The State of Kuwait will allow only qualified teachers to practice the vital profession, after completion of a special plan in this respect forecast to be put together by 2019-2020, said the head of the National Center for Education Development (NCED).
Dr. Sbaih Al-Mekhaizeem, the NCED Director, said in an exclusive interview with Kuwait News Agency (KUNA) that the center is involved in a project for issuance of "the teacher license," noting that it is one of the axes of the State Development Strategy, effective as of April 2016.
Once the project has been finalized by 2019-2020, "only teachers of distinguished performance" will be allowed to teach, explained Dr. Al-Mekhaizeem in the interview with Kuwait News Agency.
The NCED had been established through the Amiri Decree 308/2006 for developing education in Kuwait, based on scientific methodology.
Dr. Al-Mekhaizeem expressed hope that the project, to be executed in phases, would be finalized according to the set schedule for sake of achieving quality teaching, noting that the approach would be applicable on nationals, expatriates, newly-graduated or veteran teachers and professors in both the private and public sectors.
Elaborating, the educational strategist said the center is currently executing a number of projects, including the main program, tackled in coordination with the World Bank, also aimed at overhauling the teaching sector, valid till 2019, in addition to several others, currently on hold, pending budgets' allocation, as of the 2016-2017 fiscal year. They are also included in the state development strategy.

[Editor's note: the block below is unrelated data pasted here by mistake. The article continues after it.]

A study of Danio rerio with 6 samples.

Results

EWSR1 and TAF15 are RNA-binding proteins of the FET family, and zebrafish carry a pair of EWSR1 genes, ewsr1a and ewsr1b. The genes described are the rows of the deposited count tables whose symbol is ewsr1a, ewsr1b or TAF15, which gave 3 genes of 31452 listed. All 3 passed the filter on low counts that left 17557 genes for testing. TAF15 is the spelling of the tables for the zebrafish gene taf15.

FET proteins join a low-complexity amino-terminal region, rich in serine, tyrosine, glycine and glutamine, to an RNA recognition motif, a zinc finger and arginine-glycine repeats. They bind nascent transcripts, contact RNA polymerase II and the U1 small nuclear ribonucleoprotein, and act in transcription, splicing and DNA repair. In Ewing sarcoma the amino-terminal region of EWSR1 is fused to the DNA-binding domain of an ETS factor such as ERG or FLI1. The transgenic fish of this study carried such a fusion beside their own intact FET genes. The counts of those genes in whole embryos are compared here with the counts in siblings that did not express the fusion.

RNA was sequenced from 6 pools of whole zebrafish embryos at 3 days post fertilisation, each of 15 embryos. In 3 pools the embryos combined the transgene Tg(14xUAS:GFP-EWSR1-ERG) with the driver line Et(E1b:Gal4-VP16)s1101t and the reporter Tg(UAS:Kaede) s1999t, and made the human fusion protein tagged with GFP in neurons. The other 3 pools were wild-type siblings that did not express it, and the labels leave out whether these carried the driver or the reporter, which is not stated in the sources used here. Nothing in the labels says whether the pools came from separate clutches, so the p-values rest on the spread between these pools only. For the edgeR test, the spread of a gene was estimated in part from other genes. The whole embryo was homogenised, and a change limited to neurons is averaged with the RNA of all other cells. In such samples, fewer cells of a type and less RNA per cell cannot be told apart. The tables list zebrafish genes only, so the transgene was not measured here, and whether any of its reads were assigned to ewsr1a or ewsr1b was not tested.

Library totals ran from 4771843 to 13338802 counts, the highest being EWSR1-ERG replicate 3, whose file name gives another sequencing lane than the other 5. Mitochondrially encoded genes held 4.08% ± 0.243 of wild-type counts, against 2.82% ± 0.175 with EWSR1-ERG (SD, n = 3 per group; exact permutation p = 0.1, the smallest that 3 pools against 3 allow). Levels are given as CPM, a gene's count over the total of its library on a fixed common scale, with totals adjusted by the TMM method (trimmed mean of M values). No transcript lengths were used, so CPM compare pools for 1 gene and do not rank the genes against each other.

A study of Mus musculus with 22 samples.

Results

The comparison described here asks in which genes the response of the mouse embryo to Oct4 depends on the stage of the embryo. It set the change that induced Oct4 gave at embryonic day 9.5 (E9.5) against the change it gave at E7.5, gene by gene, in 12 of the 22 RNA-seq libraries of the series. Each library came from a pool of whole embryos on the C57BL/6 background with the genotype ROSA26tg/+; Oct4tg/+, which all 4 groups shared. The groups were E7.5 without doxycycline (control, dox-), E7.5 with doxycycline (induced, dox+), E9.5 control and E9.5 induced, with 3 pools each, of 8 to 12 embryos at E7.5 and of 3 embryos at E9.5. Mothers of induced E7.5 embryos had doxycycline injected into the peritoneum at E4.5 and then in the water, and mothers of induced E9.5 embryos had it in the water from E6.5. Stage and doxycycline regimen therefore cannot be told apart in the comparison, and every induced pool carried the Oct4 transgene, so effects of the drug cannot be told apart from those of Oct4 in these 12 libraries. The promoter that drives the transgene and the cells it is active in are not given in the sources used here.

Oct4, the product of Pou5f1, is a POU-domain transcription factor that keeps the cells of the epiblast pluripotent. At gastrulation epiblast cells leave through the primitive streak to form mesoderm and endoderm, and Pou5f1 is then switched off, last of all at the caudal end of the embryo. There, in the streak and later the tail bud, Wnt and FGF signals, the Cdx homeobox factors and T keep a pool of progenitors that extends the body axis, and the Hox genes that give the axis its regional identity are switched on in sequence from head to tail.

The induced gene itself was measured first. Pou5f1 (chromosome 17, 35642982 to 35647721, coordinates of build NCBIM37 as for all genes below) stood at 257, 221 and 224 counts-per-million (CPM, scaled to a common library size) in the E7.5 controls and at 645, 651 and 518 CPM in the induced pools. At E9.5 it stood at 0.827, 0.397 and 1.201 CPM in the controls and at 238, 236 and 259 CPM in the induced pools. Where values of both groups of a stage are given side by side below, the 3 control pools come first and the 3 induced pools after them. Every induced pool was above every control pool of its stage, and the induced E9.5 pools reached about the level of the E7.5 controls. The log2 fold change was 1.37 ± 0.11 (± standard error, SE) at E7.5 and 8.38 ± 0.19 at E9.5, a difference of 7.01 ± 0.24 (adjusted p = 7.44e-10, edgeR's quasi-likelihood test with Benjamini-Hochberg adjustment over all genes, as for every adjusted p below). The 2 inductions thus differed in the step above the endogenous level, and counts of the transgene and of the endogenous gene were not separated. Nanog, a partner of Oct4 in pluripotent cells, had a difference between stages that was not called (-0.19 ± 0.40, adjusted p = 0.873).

Shedding light on these plans, he mentioned "the schools' distinctiveness project," designed to work out a mechanism to examine the schools' status, also noting that the center is seeking to regulate private schools' fees "to set them according to scientific and specific criteria." He noted in this respect that the center is examining "quality of structures and buildings, teachers and curricula." The fees will be set according to the NCED examination and judgement.
The NCED also handles the issue of exams, with aim of choosing the best students to be enrolled in the higher educational institutions and for matching the skills with the employment market. Part of the center's agreement with the WB addresses overhauling the curriculums, he said, noting that the current ones focus on memorizing, instead of acquiring skills.
Another axis the center is embarked on is lifting level of teachers' skills, Dr. Al-Mekhaizeem said, explaining the teachers would be subjected to certain quizzes before being granted "the teacher license."